Brewers clear roster spot for visa-delayed K-Rod

Brewers clear roster spot for visa-delayed K-Rod

PHOENIX -- The Brewers don't expect recently re-signed closer Francisco Rodriguez to arrive at Spring Training for at least another week, but now they have a roster spot for him.

The team on Tuesday sent right-hander Brooks Hall outright to Triple-A Colorado Springs after the 24-year-old, 6-foot-5 right-hander cleared waivers. The move cleared one spot on a previously full 40-man roster, for Rodriguez, even though the Brewers were still finalizing contract language with agent Scott Boras, and Rodriguez has yet to secure a work visa.

"We're in the process," Brewers assistant general manager Gord Ash said. "It shouldn't be [a problem]."

Rodriguez and the Brewers agreed in principle last week to a two-year, $13 million contract that has a club option for a third season. Manager Ron Roenicke expressed a low level of concern about the holdup, since Rodriguez was also a late arrival after signing in February last year. At that time, political strife in Venezuela contributed to Rodriguez's delayed departure, and when he arrived, he was further set back by stepping barefoot on a cactus.

But he was the Brewers' closer on Opening Day, and went on to convert 44 saves in addition to earning a trip to the All-Star Game.

"And he had his best April ever," Ash said. "As long as he's here by the middle of the month, it's fine."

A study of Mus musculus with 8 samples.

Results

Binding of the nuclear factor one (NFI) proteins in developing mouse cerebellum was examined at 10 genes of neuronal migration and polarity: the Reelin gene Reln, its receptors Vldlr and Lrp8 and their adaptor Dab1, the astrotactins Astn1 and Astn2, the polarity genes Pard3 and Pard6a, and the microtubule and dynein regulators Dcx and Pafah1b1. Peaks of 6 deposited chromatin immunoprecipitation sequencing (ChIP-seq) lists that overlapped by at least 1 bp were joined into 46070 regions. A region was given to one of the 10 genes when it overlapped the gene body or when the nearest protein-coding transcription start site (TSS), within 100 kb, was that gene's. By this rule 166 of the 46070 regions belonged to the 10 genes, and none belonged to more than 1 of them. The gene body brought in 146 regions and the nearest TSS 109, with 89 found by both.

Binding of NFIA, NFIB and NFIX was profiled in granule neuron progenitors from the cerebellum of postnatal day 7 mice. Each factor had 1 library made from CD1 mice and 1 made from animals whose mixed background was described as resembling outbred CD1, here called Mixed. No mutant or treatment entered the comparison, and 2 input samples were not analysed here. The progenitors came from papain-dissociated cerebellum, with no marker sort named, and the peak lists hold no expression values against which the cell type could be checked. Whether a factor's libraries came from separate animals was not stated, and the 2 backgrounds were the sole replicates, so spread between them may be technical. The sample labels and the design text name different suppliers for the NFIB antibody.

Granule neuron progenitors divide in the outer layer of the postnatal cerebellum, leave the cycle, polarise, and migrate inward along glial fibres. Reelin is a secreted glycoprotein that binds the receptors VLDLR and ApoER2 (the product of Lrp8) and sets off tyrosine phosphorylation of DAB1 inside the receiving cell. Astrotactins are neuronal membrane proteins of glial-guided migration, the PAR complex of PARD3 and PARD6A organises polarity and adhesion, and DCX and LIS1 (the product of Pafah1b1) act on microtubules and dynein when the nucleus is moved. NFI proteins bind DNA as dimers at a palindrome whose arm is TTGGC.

Hall, still considered a part of the Brewers' future plans, according to Ash, was limited to five Double-A starts last season because of bone spurs in his right elbow. He avoided surgery and later made eight appearances in the Arizona Fall League.

Brewers welcome back K-Rod

Hall will remain in big league camp as a non-roster player, and is scheduled to work an inning of Wednesday's exhibition against the University of Wisconsin-Milwaukee. He will probably return to Double-A to join a prospect-rich rotation.

"There were no easy choices when you look at our roster," Ash said. "There are a couple players out of options, and you could think about them, but that's not the right thing to do, because we haven't really seen them yet.

"This was strategically calculated, because [Hall] has not pitched that much, he's been injured on and off. We hoped we could sneak him through, and that's exactly what was able to happen."

Adam McCalvy is a reporter for Read his blog, Brew Beat, and follow him on Twitter at @AdamMcCalvy. This story was not subject to the approval of Major League Baseball or its clubs.